Welcome to Must Read Horror, where we search the internet for the best horror articles of the week so you don’t have to. Without further ado:
- Bloody Disgusting look back at the film adaptations of Dean Koontz’s horror fiction
- Horror Tree feature another of Ken MacGregor’s Brain Babies articles – this time on genre hopping
- The Ginger Nuts of Horror have an exclusive cover reveal and extract of Lisa Heathfield’s first adult horror novel
- Crime Reads analyse the supernatural neo-noir of William Hjortsberg
- In this fascinating, in-depth interview for LitReactor, Andrew Fowlow talks to writer Tyler Jones
Look beyond the legendary Stephen King and the only other horror author who comes close in terms of book sales is Dean Koontz. In this article for Bloody Disgusting, Luiz H. C. looks back at the weird film adaptations of Koontz’s horrors.
In Ken MacGregor’s latest Brain Babies article on Horror Tree, he muses on genre hopping and questions whether ‘finding your niche’ really matters all that much.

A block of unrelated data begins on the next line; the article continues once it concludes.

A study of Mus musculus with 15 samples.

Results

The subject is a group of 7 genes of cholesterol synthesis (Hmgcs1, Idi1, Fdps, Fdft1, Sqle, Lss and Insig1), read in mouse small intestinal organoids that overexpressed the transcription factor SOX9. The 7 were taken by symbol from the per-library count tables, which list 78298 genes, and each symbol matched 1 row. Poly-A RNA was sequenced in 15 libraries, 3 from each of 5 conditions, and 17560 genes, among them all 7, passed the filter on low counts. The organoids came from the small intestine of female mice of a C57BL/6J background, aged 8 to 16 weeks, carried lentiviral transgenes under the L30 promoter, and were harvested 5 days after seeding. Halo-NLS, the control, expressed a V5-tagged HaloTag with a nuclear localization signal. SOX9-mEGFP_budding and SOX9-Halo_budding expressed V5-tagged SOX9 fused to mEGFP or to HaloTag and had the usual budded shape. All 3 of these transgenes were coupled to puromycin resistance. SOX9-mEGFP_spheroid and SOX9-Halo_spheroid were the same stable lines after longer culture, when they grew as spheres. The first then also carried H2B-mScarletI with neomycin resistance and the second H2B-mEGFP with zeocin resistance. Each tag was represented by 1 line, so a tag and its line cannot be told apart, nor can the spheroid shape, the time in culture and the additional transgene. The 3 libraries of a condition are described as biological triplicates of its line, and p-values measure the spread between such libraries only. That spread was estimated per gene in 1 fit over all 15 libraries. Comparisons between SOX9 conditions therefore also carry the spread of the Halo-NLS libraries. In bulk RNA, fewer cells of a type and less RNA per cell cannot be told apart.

The Ginger Nuts of Horror have an exclusive cover reveal and extract of Lisa Heathfield’s first adult horror novel
Having already won multiple awards writing for YA and children’s fiction markets, Lisa Heathfield has turned her hand to adult horror with Such Pretty Things, coming in April from Titan Books. In the meantime, The Ginger Nuts of Horror feature an exclusive cover reveal and an extract from the book.
In recent years, the boundaries of neo-noir and horror have blurred, with authors like Gabino Iglesias, Samantha Kolesnik and Alan Baxter producing fictions which wear both horror and noir badges with pride. In this article for Crimereads, Andrew Nette looks back at the supernatural neo-noirs of William Hjortsberg.
After Tyler Jones exploded onto the genre scene with this year’s novella, Criterium, he soon followed up with another novella, titled The Dark Side of the Room. In this in-depth interview for LitReactor, Andrew Fowlow, aka The Book Dad, chats to Jones about self-publishing, writing process and balancing light and dark in his fiction.